Category: Real Estate Law
Satisfied Customers: 10244
Experience:  I am a civil litigation attorney with experience representing HOAs, homeowners, businesses and others in real estate matters.

Customer Question

I'm in FL and we are having issues with our POA. I've been here since '99 but within the past few months our new CAM has convinced the board to make some major changes. Do these changes apply to me since I've been here for 17 years? Would I be grandfathered in?
JA: Have you talked to a lawyer yet?
Customer: No, not yet.
JA: Anything else you think the lawyer should know?
Customer: Our CAM has his license here in our community and with a Weichart Realty in Fort Myers. I think he only has his interest in mind.
JA: OK. Got it. I'm sending you to a secure page on JustAnswer so you can place the $5 fully-refundable deposit now. While you're filling out that form, I'll tell the Real Estate Lawyer about your situation and then connect you two.
Submitted: 1 year ago.
Category: Real Estate Law
Expert:  CalAttorney2 replied 1 year ago.

Dear Customer,

Thank you for using our forum. My name is ***** ***** I hope to assist you today.

I am sorry to learn about the changes in your Association.

Changes in governance will often bring changes to the way your property is managed and the way that you can enjoy your property. However, there are limitations on how the board can do so.

The Board is limited by the By-Laws and other governing documents (such as your CC&Rs). These documents can only be amended by a vote (usually a majority vote) of the membership (as set by the by-laws). This requires a specific number of owners (a quorum) to vote by a specific number of affirmative votes (majority or super majority) to change or amend these rules.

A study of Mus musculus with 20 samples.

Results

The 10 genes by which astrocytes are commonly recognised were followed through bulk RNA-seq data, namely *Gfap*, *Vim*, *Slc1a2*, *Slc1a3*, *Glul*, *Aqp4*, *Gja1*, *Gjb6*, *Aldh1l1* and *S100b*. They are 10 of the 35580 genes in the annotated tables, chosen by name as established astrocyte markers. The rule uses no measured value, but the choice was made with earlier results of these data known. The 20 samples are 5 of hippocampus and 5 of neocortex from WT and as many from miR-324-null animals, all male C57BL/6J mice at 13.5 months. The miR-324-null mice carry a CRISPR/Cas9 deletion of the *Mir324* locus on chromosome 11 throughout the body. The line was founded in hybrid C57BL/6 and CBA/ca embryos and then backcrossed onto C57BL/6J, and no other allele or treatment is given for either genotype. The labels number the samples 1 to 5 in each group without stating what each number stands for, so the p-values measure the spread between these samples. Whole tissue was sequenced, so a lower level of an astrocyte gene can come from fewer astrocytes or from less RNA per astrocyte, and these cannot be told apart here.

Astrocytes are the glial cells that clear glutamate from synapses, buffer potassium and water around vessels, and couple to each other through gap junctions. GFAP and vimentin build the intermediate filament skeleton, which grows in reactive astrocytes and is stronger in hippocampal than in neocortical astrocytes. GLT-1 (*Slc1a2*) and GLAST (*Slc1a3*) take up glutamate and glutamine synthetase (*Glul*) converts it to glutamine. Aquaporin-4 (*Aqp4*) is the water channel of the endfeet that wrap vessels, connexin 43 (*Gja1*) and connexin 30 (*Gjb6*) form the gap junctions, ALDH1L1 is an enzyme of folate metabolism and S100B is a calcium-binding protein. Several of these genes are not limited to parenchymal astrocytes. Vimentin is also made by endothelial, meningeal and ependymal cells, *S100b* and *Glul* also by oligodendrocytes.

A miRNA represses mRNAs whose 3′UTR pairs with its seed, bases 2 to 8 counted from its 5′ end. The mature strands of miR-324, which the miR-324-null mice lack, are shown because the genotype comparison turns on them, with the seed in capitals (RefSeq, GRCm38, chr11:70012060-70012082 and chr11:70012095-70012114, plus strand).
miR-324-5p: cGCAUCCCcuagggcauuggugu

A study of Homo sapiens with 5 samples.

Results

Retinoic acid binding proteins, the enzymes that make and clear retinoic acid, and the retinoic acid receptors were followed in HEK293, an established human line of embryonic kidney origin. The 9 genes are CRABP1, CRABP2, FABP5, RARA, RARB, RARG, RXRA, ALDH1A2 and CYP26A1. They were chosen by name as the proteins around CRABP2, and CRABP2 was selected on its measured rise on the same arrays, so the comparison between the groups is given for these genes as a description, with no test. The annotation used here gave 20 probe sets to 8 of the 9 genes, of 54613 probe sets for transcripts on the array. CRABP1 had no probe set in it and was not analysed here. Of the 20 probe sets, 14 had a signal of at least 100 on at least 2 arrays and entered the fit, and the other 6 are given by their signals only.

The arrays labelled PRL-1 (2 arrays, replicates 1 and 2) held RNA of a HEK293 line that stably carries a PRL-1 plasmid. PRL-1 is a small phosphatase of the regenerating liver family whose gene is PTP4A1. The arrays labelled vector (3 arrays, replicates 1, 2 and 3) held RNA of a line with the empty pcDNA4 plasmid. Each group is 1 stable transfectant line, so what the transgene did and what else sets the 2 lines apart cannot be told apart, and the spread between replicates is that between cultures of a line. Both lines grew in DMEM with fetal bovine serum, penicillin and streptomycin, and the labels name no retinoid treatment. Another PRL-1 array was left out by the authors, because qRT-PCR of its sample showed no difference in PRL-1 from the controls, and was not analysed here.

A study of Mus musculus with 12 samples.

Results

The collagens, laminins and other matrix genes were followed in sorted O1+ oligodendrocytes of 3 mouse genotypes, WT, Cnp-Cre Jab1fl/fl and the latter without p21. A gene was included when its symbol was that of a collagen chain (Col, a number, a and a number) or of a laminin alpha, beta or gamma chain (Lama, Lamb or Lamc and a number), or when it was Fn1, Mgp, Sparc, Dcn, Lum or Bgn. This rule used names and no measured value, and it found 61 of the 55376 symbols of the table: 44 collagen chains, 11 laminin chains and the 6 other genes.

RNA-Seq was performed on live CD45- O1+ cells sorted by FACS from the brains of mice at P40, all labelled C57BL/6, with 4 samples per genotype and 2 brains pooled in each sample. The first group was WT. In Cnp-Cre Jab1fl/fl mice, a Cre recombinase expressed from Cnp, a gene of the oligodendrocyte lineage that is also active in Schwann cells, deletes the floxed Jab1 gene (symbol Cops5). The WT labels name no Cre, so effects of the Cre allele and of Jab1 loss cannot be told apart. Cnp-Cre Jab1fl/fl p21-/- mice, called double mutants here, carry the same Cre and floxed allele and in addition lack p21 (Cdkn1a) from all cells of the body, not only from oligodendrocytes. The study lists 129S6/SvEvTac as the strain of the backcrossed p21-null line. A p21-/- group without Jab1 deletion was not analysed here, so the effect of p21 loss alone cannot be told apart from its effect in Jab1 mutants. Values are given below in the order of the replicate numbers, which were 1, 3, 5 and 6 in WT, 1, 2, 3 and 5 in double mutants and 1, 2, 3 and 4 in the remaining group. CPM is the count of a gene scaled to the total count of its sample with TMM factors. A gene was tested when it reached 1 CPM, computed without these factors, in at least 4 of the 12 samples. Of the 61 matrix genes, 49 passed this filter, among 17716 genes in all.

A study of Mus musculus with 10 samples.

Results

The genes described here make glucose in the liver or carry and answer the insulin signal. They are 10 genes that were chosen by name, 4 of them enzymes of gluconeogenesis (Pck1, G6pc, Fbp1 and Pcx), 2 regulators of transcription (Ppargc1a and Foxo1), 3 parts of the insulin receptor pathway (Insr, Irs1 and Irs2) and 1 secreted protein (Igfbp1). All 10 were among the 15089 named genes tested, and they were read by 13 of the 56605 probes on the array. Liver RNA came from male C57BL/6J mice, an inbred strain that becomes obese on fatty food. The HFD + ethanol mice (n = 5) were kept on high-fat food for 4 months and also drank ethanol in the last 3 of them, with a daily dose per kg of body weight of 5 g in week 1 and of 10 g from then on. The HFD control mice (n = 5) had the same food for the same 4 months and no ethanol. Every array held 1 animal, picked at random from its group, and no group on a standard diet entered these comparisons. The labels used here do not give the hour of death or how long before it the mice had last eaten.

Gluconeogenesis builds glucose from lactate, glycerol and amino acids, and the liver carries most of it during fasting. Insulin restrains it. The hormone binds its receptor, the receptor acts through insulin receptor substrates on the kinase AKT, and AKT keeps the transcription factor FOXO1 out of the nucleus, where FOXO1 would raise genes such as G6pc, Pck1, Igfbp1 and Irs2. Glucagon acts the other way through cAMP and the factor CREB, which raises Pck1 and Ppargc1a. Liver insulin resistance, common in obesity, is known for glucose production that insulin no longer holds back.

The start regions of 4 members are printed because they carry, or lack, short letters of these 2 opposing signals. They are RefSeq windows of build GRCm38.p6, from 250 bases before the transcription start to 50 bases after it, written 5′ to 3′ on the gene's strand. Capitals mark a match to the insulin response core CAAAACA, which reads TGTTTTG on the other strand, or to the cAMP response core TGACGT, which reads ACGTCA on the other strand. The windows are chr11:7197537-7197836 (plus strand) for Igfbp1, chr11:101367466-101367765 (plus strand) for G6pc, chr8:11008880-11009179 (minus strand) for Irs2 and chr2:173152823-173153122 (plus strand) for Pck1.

Your by laws will tell you exactly what your association requires.

There are other rules that the board can affect. These involve the day to day management of the Association. So the governing documents will tell the board what needs to be done, but the board has the responsibility of carrying this out.

The Board then can hire a manager.

The manager works for the association, but reports to the board.

The manager has no authority to make rules or changes, only to carry out instructions of the board.

Regarding "grandfathering" - grandfathering only works when a rule or amendment passes that specifically allows pre-existing non-conforming uses to continue until some specific date in the future. (For example, if a pet ordinance passes, that says no pets over 20 lbs, but allows anyone that has pets over 20 lbs to keep their current pets until those pets pass away or the owners sell or otherwise give them away, this is an example of a "grandfather clause". Not all rule changes have grandfather clauses, and most rules pass that require all owners to comply promptly.

An example of this would be an amendment to the CC&Rs saying "all lawns must be converted to low water landscapes" - this rule passed by a majority of the homeowners would be required to be implemented immediately.